A Streetcar Named Cooperation?
Republicans force city to pay to relocate utilities for streetcar and Barrett calls for cooperation from We Energies to keep costs down.
Last week had lots of news related to Milwaukee’s planned streetcar system. On Wednesday, the state Public Service Commission ruled that the city must pay all the costs of utility relocation for the streetcar project, which was a blow to the city. But by then it was already becoming clear the costs of relocation were dropping significantly, which was good news.
The Public Service Commission ruling had been expected after a series of Republican-led legal maneuvers over the past two years. In September 2012 the PSC appeared close to ruling for a compromise that would have capped costs for the utilities for any relocation at $10 million. During the meeting Commissioner Eric Callisto stated, “We have two votes for a police power exercise,” meaning the city was correct in arguing the utilities must pay at least a portion of the relocation costs. But after a curious break in the meeting the commissioners voted to hold off on taking the vote. Commission Chairman Phil Montgomery explained that this was simply to allow Commissioner Ellen Nowak “one more kick at the cat.” As it turned out, it allowed time for the state legislature to take another kick at the cat, the animal in question being Milwaukee. Because in May 2013, Rep. Dale Kooyenga (R-Brookfield) passed a budget motion that changed long-established precedent for such projects and pushed the costs of utility relocation onto the city. Once this occurred the ruling by the PSC became inevitable, if a year in coming.
That would have been a huge blow, had the original estimated cost of $55 to $70 million for utilities relocation been accurate, but city officials have been working for some time to lower the costs. By Tuesday, on the day before the PSC ruling, as a story by reporter Sean Ryan of the Business Journal made clear, the cost had dropped to as low as $20 million and could turn out even lower than this. Ryan quoted Ghassan Korban, Milwaukee Department of Public Works commissioner: “The $20 million estimate is not definite, he said, and will change as Milwaukee continues to coordinate with utility companies to minimize relocations.”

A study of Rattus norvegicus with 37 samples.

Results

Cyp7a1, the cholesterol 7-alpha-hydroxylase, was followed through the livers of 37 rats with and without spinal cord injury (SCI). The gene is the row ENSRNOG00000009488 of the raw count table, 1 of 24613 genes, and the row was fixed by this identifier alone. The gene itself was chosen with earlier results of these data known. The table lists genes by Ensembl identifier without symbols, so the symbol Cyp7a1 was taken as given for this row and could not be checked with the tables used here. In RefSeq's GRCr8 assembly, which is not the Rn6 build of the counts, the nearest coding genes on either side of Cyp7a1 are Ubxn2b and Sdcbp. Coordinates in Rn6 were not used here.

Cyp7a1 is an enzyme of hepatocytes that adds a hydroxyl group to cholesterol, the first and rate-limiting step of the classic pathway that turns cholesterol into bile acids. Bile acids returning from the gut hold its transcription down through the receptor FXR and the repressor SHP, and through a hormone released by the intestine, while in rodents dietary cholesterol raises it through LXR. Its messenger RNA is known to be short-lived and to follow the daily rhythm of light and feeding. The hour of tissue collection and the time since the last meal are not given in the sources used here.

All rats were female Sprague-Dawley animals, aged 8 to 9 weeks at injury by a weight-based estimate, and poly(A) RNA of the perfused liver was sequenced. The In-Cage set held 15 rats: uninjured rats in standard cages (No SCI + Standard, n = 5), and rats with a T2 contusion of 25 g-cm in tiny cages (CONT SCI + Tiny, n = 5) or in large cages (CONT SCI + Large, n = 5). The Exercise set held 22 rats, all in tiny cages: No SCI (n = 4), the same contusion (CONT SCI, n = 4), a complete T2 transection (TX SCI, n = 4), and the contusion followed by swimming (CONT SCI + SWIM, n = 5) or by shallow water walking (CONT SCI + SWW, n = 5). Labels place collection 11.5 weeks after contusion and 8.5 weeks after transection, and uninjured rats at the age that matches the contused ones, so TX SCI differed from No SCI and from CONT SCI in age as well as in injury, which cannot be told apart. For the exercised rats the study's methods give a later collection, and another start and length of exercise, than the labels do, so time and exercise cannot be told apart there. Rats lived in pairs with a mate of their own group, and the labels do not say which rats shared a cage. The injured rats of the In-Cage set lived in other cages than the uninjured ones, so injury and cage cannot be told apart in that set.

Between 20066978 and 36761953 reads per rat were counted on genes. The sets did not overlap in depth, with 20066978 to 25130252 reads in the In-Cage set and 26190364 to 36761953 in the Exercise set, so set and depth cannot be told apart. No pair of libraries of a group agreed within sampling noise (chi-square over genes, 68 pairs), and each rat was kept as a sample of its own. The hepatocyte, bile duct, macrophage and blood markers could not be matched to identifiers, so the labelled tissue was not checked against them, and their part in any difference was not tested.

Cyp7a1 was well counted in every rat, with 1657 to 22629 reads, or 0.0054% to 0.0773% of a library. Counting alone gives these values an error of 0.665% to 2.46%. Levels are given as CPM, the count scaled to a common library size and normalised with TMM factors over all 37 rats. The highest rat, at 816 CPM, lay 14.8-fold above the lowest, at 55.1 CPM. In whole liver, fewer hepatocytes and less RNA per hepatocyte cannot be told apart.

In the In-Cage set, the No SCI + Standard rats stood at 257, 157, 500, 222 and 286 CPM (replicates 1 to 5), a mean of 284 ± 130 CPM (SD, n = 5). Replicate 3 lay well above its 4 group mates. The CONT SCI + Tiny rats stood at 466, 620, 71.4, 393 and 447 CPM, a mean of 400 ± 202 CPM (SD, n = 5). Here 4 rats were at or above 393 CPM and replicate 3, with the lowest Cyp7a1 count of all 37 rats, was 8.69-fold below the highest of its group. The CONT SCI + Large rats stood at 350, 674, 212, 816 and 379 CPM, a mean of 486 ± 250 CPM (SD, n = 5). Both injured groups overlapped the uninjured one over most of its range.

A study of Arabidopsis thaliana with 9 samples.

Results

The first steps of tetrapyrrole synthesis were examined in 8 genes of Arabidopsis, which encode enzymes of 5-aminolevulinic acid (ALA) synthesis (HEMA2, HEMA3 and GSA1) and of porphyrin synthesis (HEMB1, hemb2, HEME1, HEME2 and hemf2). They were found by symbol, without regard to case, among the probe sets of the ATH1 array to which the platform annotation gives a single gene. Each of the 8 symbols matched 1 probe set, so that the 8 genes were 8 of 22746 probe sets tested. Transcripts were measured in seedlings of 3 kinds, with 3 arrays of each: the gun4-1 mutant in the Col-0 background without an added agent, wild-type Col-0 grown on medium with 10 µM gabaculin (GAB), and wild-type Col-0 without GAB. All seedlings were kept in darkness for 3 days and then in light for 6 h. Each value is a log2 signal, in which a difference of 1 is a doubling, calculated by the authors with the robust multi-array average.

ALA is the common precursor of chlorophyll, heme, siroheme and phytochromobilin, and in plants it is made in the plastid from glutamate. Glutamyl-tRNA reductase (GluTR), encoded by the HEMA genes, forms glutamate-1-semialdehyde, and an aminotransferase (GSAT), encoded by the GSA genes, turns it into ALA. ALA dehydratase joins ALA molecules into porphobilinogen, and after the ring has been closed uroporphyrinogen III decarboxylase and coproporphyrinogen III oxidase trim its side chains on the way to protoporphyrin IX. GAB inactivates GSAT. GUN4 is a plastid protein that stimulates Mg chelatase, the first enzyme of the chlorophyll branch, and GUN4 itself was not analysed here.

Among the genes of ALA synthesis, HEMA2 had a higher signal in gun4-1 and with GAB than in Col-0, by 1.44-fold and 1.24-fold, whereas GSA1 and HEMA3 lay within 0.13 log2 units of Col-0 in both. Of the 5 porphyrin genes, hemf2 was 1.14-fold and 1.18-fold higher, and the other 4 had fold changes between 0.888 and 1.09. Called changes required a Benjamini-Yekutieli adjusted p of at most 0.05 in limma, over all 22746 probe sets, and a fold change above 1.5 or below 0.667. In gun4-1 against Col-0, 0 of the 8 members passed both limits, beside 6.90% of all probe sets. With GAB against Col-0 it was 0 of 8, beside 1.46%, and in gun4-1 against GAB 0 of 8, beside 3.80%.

As part of the city’s effort to reduce the cost to the utilities, in January 2014 the city received approval from the Federal Transit Administration to move a section of the track from N. Broadway to N. Milwaukee St. Ryan reported that according the city Engineer Jeff Polenske, “The change eliminates $10 million in construction costs to move underground AT&T communication lines, and avoids moving 2,000 feet of steam tunnels and 2,000 feet of electrical ducts.”
The Journal Sentinel Editorial Board also weighed in on Thursday with a opinion titled, “City should appeal PSC on streetcar costs.” The editorial noted that, “The city has worked hard to adjust the route and negotiate with utilities to bring down the price of moving utility lines. An original estimate of around $55 million for relocation costs is now at $20 million, and that’s before the final engineering stage of the project has been done.”
It appears the JS will get their wish as the city attorney’s office issued a release indicating it would recommend an appeal, but will Barrett get his wish for better cooperation on the part of We Energies and the other utilities? We’ll see.